I believe in optimism. I think I have finally realized that life is a positive experience. I believe that if we want to lead a happy life, all we have to do is see the glass as half full rather than half empty. Some may think that this idea seems stupid or cheesy. I really think that a little optimism can go a long way. When I get old, I don’t want to look back at my life and think, “Did I really affect anyone in a positive way? Did all that stress end up benefitting me or anyone else…at all?” No, instead I would much rather be able to look back at a life that was filled with happy memories, not sad ones.
I want people to realize that one person’s positive attitude can spread into a huge movement of happiness. Think about it: if one person walks into a room and is in a really good mood, and another person in the room is in a horrible mood, more than likely the positive person’s attitude will rub off on the negative person. So now there are two positive people and if they both leave the room they are in, they will probably encounter more negative people. If the two positive people’s attitudes rub off on all the negative people they bump into, eventually everyone in the world would end up with a positive attitude. Personally, I would much rather affect people positively with my attitude than be marked as someone negative or judgmental.
If we all are doing what we love to do and not spending our time judging everyone else, then maybe our world would be a more fun place to be. Five years ago, when I was in fifth grade, we studied astronauts. My teacher asked the class why we thought astronauts would want to go to the moon. Obviously, she was looking for an answer like, “because they can learn about other planets easier if they visit the moon.” Well, now that I’ve thought about it, I’ve come up with my own, slightly different response. I think astronauts want to go to the moon because they are trying to get the heck off of earth for a while and go somewhere peaceful. After all, nobody can bother you if you’re 24,000 miles away from them. In my experience, being judgmental has gotten me nowhere. I have come to the conclusion that nobody chooses how they are born; nobody chooses who their family is, what race they are, what sexual orientation they follow, or what activities they will enjoy. I believe that people are born the way they are because that’s the way they are meant to be. I think that if we accept each other for who we really are then we will all be happier, both with ourselves and our peers.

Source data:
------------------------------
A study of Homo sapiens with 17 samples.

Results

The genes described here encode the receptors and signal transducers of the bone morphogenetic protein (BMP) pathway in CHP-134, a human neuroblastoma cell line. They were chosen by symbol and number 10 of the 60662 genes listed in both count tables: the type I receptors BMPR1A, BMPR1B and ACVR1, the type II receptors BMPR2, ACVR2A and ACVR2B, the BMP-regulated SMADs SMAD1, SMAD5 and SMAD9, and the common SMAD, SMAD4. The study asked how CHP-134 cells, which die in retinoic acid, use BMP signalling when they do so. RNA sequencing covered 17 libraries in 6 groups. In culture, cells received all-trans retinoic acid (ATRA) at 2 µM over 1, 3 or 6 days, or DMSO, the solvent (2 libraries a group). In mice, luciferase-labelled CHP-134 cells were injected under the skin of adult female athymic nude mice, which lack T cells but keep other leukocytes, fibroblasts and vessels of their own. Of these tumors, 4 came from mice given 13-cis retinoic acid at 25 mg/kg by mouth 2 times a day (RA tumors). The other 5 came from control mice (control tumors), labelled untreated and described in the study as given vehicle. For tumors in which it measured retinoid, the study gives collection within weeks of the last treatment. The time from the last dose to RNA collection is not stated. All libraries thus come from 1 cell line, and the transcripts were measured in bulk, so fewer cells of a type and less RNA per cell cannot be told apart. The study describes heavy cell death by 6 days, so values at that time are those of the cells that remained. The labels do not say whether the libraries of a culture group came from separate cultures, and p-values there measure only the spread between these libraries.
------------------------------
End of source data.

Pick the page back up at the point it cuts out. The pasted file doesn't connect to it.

Why is it that when I was a child, I was so open and positive? Why did I grow out of it? I know I could benefit from acting like a child every now and again. When I was little, I remember being so happy. Not only some days, like I am now, but always. I often think about how when I was younger I wished I was an adult. Now that I’ve grown more, and am caught awkwardly in between youth and adulthood, I find myself wishing for both. For some reason it seems that you either have to be a little kid or an adult to be happy. When I’m swamped at school, I wish I was a kid, still stuck in that phase when you are excited to do homework at night. When my parents won’t trust me with a big responsibility or I want to be more independent, I wish I could somehow skip the next few years and magically form into adulthood, when I wouldn’t have to listen to anyone but myself.
Negativity has taught me so many lessons about who I am and who I hope to become in the future. Positivity, on the other hand, has taught me so much more. Nobody can be happy and positive all the time, but I believe that I should try just a little harder to reach the goal of being an optimist. Maybe that would make everyone happier. I believe that I can be happy if I don’t let the little things get to me. I believe that everyone has happiness inside of them. And I believe that all we have to do is add a little optimism in order to absolutely adore living life.